The Supreme Court has chosen in a 5-4 ruling not to grant injunctive relief to churches in Nevada in light of the state’s arguably inconsistent Covid-19 guidelines. In doing so, the Supreme Court let stand what is wrong: churches are being treated differently than similar gatherings. Multiple justices in the minority wrote dissents, and those help us to see the issues in play. I’ve quoted the justice’s words since their expertise is more important (and informed) than mine.
Justice Neil Gorsuch explained in his dissent:
This is a simple case. Under the Governor’s edict, a 10-screen “multiplex” may host 500 moviegoers at any time. A casino, too, may cater to hundreds at once, with perhaps sic people huddled at craps table here and a similar number gather around every roulette wheel there. Large numbers and close quarters are fine in such places. But, churches, synagogues, and mosques are banned from admitting 50 worshippers—no matter how large the building, how distant the individuals, how many wear masks, no matter the precautions at all.
Gorsuch is correct. It was a simple case.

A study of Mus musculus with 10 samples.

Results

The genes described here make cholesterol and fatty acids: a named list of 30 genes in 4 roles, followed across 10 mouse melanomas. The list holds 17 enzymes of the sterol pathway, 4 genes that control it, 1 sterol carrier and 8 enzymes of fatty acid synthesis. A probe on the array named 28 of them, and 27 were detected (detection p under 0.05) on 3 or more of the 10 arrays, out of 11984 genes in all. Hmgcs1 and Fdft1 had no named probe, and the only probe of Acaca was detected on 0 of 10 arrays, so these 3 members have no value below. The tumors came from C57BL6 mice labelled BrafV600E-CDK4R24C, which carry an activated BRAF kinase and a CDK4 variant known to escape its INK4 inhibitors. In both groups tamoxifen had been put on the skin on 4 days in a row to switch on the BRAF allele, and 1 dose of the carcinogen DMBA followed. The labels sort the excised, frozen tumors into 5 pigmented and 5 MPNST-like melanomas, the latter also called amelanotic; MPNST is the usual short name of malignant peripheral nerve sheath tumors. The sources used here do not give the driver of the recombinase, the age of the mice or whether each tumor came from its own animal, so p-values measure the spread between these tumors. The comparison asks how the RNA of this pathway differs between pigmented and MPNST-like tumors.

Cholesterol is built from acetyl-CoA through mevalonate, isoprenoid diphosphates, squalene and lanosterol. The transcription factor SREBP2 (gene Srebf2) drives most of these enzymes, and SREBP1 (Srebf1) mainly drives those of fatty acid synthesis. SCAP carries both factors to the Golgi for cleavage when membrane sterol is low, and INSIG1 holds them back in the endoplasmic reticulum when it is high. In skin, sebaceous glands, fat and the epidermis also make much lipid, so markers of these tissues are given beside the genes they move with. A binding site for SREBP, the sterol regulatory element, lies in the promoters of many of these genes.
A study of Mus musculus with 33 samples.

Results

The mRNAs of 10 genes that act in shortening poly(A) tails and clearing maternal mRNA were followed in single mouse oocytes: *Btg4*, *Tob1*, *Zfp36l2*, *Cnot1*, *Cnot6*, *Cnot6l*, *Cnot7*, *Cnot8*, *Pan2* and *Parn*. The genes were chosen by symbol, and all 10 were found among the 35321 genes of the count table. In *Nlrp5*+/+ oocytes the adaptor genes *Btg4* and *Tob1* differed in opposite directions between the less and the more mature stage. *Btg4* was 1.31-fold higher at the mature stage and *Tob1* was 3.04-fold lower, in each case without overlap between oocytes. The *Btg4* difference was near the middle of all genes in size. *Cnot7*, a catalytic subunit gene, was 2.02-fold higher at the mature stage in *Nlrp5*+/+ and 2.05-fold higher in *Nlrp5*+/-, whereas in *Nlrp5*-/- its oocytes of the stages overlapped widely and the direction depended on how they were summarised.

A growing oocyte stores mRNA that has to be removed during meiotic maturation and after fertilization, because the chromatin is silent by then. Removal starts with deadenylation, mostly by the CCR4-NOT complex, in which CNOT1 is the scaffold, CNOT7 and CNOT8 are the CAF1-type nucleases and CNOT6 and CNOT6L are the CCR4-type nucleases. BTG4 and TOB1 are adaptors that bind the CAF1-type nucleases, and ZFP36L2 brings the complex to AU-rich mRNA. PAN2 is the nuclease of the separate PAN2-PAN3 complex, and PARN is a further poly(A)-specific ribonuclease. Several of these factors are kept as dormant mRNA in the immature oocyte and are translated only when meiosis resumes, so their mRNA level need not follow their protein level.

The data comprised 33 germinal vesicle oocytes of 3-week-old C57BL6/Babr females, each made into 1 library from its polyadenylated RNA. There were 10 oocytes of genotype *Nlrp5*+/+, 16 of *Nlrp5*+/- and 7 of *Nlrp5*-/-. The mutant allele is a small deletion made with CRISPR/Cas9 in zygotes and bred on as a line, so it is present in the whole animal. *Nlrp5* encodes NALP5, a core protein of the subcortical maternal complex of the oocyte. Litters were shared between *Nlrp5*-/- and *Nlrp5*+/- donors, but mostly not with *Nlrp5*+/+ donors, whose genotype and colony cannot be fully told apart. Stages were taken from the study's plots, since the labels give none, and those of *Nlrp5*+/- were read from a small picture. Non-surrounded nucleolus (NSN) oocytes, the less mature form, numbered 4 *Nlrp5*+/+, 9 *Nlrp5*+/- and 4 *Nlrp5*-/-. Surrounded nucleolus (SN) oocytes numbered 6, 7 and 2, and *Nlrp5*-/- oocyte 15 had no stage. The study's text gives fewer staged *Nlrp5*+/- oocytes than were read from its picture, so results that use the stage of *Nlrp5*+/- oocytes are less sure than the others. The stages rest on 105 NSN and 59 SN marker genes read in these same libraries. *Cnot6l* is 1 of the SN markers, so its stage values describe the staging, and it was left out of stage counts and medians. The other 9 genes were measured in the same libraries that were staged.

Even left-leaning Vox (known for its explainer articles) was surprised, asserting that Roberts is supportive of state officials “even when they hand down public health orders that draw constitutionally dubious lines.”
As I (and many others) have consistently said, that’s a line that churches cannot accept. Other states have consistently applied the rules in similar settings.
A divided Supreme Court on Friday night turned down a request by a Nevada church for permission to hold services on the same terms that other facilities in the state, including casinos, are allowed to hold gatherings during the COVID-19 pandemic.
The key argument was:
The church stressed that it is willing to comply with rules regarding masks and social distancing (both of which were largely absent from a photo included in the church’s brief, taken at a crowded Las Vegas casino on June 4); all that it was asking, it emphasized, was to be treated the same as everyone else.
Let me take a moment to remind us that religious liberty is so important that it is enshrined in our Constitution’s First Amendment. Furthermore, such freedom is beyond (and before) our Consitution.
Such rights are endowed by our Creator, not our founding documents.
Now, for those reading who may not know my thoughts on these issues, I’ve written in national publications that churches should consider not meeting (before that was mandated), and been extensively involved in equpping churches to do ministry while not gathering on Sundays. And, I’ve also defended religious liberty for all. Both issues matter to me.
Caring for our neighbors in a pandemic matters. And caring for religious liberty also matters.
We can (and should) be concerned about both.